Written and directed by Spencer Zimmerman, after a devastating tragedy, an astronaut struggles to complete his interstellar mission to rescue a lost crew. Starring: Roland Almon, Siobhan Connors, Blakely David and P. Eugene Thiessen.
When Darkside opens, the aesthetic feels somewhere between reality and a graphic novel, the style feels realistic but with enhanced details. It’s a choice that weaves in and out throughout and matches that vast, slightly futuristic and cold, space setting. There’s a good reflection between the sombre themes of the story and Spencer Zimmerman’s directorial style. Also, involving space travel of course means there’s going to be some effects work and it can tend to be the weak point when it comes to short film but thankfully not here. It’s solid throughout and balances well with the more everyday scenes. The cinematography (by Liam Meredith) is also using a nice mix of different colour tones, similarly to the direction, in that it adapts to the mood of the film as it evolves.
There’s a lot of emotional themes at work in Darkside and it’s a tone that’s always enhanced by good score work, and this is another good example. Greg Andersen leans into the highs and lows of the film, it’s not too overt, accenting moments rather than pushing them. The performances from the film’s leads Roland Almon and Siobhan Connors also follow an understated pattern. They capture the serious, heavy nature of the story without needing to rely on dramatics or outward emotion, hitting the right tone.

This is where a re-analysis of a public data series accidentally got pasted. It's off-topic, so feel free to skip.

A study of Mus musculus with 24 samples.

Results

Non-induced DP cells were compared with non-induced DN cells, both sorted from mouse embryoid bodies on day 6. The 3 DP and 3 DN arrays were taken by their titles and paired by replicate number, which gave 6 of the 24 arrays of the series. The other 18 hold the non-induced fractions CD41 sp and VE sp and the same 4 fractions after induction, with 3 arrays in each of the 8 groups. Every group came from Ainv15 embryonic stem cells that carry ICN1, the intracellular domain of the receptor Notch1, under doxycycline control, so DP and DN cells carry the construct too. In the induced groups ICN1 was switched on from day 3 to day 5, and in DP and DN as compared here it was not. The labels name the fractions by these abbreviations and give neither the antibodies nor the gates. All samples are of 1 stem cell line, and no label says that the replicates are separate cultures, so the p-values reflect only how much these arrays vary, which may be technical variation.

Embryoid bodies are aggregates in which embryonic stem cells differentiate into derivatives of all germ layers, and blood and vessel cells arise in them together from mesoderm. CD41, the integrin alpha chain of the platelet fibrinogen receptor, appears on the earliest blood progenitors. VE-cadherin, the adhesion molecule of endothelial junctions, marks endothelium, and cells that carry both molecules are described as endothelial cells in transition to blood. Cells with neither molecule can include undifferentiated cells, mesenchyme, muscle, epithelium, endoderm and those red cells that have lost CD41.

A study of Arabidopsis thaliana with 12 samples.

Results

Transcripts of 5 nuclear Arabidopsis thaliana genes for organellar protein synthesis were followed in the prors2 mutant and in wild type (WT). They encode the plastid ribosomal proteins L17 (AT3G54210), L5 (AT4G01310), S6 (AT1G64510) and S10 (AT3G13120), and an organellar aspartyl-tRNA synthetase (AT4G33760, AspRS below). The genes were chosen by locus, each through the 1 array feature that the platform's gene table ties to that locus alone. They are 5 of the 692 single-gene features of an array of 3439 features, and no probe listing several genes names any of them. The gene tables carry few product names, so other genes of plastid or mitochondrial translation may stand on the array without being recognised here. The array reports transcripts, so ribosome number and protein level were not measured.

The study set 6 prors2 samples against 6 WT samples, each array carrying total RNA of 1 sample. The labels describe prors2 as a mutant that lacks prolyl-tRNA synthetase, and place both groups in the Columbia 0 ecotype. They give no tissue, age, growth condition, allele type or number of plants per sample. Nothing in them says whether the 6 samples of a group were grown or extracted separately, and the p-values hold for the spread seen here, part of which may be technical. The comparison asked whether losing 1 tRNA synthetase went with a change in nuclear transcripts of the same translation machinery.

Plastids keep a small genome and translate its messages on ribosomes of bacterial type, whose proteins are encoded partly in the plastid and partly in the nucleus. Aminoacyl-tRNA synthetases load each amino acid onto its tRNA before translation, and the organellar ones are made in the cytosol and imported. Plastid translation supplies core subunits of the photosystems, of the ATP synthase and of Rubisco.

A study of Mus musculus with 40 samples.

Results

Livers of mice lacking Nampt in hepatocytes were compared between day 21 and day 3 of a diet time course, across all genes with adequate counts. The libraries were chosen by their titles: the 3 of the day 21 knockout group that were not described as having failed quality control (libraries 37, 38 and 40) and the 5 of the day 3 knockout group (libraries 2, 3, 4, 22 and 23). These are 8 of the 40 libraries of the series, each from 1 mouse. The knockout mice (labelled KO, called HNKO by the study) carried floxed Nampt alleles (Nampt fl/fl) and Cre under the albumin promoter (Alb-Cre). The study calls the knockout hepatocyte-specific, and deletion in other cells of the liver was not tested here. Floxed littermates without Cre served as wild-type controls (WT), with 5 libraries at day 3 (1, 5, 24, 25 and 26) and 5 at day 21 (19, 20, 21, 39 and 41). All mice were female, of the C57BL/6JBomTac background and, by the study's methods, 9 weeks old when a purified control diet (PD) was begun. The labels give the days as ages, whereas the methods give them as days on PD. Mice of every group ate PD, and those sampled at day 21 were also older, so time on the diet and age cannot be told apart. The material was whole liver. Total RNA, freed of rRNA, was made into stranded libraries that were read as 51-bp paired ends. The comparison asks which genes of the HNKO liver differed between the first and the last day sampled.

However, the key issue that the film struggles with is how much it gets tangled up in those emotions and trying to bring through a lot of them in a short amount of time. It’s got a solid basis in the visuals and the idea of its story but it falls into sentimentality. At the same time it’s trying to relate itself back to a larger message about the laws of nature and the organic cycle of life. It’s a lot to cover within a dozen minutes and it can’t seem to quite bring it together smoothly enough to feel satisfying. That’s not to say that the emotion doesn’t still have value, there’s a good dose of sincerity running through it.
Darkside is an ambitious short film, it’s practically trying to give us an entire sci-fi feature’s worth of story in less than fifteen minutes. It creates an interesting aesthetic that moves from a simple reality to a more complex one, with its edges leaning towards a graphic novel style. The performances are great, it’s got a terrific score and solid editing work but it trips itself up with the level of emotion that it’s going for in its plot. It feels as though it’s being weighed down by its sentimental side and needed a bit more room to manoeuvre to bring everything together.